Penny Arcade The Game: Gamers vs. Evil Review

By , on December 21, 2012
Last modified 11 years, 5 months ago

Penny Arcade The Game: Gamers vs. Evil
  • Publisher: Playdek, Inc.
  • Genre: Card
  • Released: 19 Dec, 2012
  • Size: 32.9 MB
  • Price: $2.99
Download on the AppStore
3 out of 5


  • Multiple online and offline slots; play as meticulously or as casually as you'd like.
  • Tutorial gives a decent breakdown of the basic gameplay; relatively simple to learn as you play.


  • Grating music selection; 'retro' is all well and good, but the ear-piercing chiptunes quickly go from catchy to nauseating.
  • No real checks and balances to stop run-away leaders; if you get a good engine going early you'll crush the opposition.


Nothing can truly replace sitting around a table or in a circle on the floor with friends as you play a board game, but 'Penny Arcade The Game: Gamers vs. Evil' makes it easier to enjoy the game without the mess, and that's almost worth the entry fee alone.

  • Full Review
  • App Store Info

When you think 'Penny Arcade', you'll more than likely think about the online comic started by 'Gabe and Tycho'. The brand has almost become an institution that defines gaming for the world - irreverent, opinionated, but always willing to share a fun time with all who seek it.

Based on the 2011 deck-building card game of the same name, 'Penny Arcade The Game: Gamers vs. Evil' brings together familiar elements of popular titles like Ascension and Dominion while also adding in a unique spin of their own thanks to the inclusion of 'boss' stacks.

As the type of game suggests, your aim is to build a deck with the purpose of earn more victory points than your opponents before an end-game condition is triggered. Players start with a basic mix of 'tokens' and 'power' and providing they have enough of either, they can purchase additional cards with powerful abilities such as defending from the dreaded 'PAX Pox' to generating even more 'tokens' and 'power'. Better still, if you can generate enough 'tokens' or 'power' you can take on one of two 'boss' stacks, earning powerful loot cards to your deck.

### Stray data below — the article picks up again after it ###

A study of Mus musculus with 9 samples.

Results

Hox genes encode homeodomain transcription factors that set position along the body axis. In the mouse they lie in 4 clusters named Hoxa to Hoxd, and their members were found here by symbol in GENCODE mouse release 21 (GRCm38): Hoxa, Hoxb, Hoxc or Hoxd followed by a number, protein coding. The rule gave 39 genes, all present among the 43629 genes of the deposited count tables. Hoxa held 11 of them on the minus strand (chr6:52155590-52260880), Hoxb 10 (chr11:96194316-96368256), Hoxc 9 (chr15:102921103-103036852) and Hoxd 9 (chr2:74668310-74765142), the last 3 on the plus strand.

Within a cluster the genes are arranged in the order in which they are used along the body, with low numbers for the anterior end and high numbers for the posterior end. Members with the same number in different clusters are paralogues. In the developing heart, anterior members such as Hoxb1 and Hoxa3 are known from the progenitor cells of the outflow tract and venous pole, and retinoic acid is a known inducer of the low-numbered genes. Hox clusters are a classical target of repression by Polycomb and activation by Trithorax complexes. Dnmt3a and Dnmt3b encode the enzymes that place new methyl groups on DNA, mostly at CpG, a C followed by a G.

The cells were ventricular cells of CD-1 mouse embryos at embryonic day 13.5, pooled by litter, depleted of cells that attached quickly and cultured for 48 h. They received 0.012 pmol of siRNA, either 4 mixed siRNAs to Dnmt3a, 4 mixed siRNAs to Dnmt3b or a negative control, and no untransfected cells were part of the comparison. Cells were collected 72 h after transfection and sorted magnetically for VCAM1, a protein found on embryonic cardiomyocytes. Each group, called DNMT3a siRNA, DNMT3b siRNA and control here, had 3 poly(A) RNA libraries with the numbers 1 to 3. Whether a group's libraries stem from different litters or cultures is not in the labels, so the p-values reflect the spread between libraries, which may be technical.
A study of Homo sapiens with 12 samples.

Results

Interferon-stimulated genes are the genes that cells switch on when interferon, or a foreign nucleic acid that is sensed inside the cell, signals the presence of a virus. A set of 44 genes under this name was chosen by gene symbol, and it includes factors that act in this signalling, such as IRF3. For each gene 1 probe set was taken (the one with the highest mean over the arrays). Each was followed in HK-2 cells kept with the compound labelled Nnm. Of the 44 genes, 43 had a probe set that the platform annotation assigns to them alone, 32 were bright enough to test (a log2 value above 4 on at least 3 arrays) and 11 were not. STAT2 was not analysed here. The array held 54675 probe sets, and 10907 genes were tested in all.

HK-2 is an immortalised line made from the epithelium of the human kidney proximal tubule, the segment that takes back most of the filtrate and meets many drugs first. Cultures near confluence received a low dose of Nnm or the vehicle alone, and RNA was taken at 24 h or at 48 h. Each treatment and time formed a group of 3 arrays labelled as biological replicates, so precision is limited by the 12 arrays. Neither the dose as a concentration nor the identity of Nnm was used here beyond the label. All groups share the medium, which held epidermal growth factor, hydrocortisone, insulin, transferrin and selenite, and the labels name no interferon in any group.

The game, as presented in the iOS version, is stock standard and thanks to a tutorial and AI opponents you'll be able to jump in without much complication. The stacks you can choose from change from game to game and players can make their own choice from a variety of player cards (each with their own bonuses) at the start too.

As you can imagine, things are cluttered on smaller iOS devices, though most objects on the screen can be tapped to gain more information. It's not elegant, but it gets the job done.

Ultimately that's how 'Gamers vs. Evil' feels in general - the gameplay, while easy to pick up, lacks the same sort of depth found in similar titles. If nothing else it provides a handy way to play a round with friends thanks to the online option.

If you enjoy deck-builders or you're a big fan of Penny Arcade, you owe it to yourself to at least try 'Gamers vs. Evil' - it may not set the world on fire, but you'll get a few laughs and enjoy a few rounds before putting it down again.